Chris Lumpkin



It seems like Western culture is particularly addicted to certainty, to the point where many people feel uncomfortable "sitting on the fence" and letting ideas remain open to challenge. They feel pressured to "believe", turn ideas into facts, which becomes Truth. Then, they have created a religious stance which is closed to new ideas, and the binary thinking of "right versus wrong" causes them to alienate other people, some of whom may share many of their ideas and concerns. I do think that binary thinking has a place, just like competition does, in nature and in a framework for making decisions. Some of the things I heard Paul reference in the podcasts sound like instances of extreme criticism; while critical thinking is another important tool in our toolbox for survival and growth, it is important to remember that none of us is omniscient or infallible - yet we are all perfect.
 
Jay Freeman

It makes good points about not trusting one's senses and remaining more agnostic.

 
Jocelyn Campbell

On the other hand, I have met some people who are very religious who also seem to be able to be open to changes and all-encompassing understanding (and even compassion). Somehow, these folks seem to be able to have understandings, and values, and even convictions, without the "I'm right, you're wrong" inflexibility. I think it might be rare, but I'm pretty sure I've seen it. I think people like this are truly inspiring in their quest for a deeper, richer life.

That said, I do think this video was artfully crafted, and intelligently narrated. I think it is an excellent reminder not to be lemmings, or "sheeple," and to be aware that things which are presented as the Truth might not be. Though, ironically, I do think it used such broad brush strokes that it might have done, in a small way, what it was trying to advise folks not to do.

Thanks for sharing, Chris. I enjoyed it.
 
Morgan Morrigan

Is working with folks approaching the singularity with implants, as they go up to a first contact. never seen a wilder injection of caution in what you can see...

If you can stand econmomics, lots of behind the scenes stuff shows up on Zero Hedge blog. Very not sheeple, but a herd none the less.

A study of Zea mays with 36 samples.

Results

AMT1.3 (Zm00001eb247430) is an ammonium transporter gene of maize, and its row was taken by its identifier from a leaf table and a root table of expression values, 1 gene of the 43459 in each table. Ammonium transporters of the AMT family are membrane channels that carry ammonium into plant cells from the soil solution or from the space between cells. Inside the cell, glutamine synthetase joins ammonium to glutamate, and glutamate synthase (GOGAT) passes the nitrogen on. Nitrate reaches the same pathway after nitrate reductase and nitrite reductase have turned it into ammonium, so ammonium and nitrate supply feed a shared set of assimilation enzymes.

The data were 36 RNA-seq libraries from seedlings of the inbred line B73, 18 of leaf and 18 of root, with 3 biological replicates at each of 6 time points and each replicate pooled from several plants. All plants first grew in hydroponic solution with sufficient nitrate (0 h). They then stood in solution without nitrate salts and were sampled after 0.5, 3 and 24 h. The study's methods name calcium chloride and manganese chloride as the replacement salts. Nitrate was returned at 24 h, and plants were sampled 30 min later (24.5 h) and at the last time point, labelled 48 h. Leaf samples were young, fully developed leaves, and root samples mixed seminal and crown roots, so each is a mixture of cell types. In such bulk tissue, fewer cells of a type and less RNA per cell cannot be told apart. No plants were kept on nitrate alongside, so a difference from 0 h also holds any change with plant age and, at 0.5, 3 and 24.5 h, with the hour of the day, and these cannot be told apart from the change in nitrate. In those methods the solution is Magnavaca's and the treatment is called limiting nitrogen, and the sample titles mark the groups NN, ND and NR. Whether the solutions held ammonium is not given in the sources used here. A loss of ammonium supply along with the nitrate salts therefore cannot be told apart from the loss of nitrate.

Fred Morgan

I rather doubt anyone can shake that belief, since it has been well tested by experience.
 
Chris Lumpkin
On the other hand, I have met some people who are very religious who also seem to be able to be open to changes and all-encompassing understanding (and even compassion). Somehow, these folks seem to be able to have understandings, and values, and even convictions, without the "I'm right, you're wrong" inflexibility. I think it might be rare, but I'm pretty sure I've seen it. I think people like this are truly inspiring in their quest for a deeper, richer life.


I agree Jocelyn, and these are people who can help build a better world, regardless of the "starting point" of their understandings based on these belief systems. If you are really sure that you are correct and someone else is incorrect, it becomes extremely difficult to listen to them with a truly open mind.

Fred's smart aleck remark does help us think about the extremes. If you have an absolute lack of certainty or belief, you probably don't accomplish much of anything. If you are completely convinced of the infallibility of some ideas, then you may miss important information. As Al Gore said to George W. Bush during their presidential debates (paraphrase from memory), "You can be decisive and be wrong". I think there is some kind of Zen-like state of "balanced uncertainty", something which could actually be a great leadership skill.

Morgan, I am now completely stuck on Watts! Many permaculture projects will languish while I sit and read, but I maintain that my sci-fi habit inoculates my work with perspective and vision. For me, the whole point of doing permaculture is to create a sustainable civilization and spread our terrestrial DNA across the stars!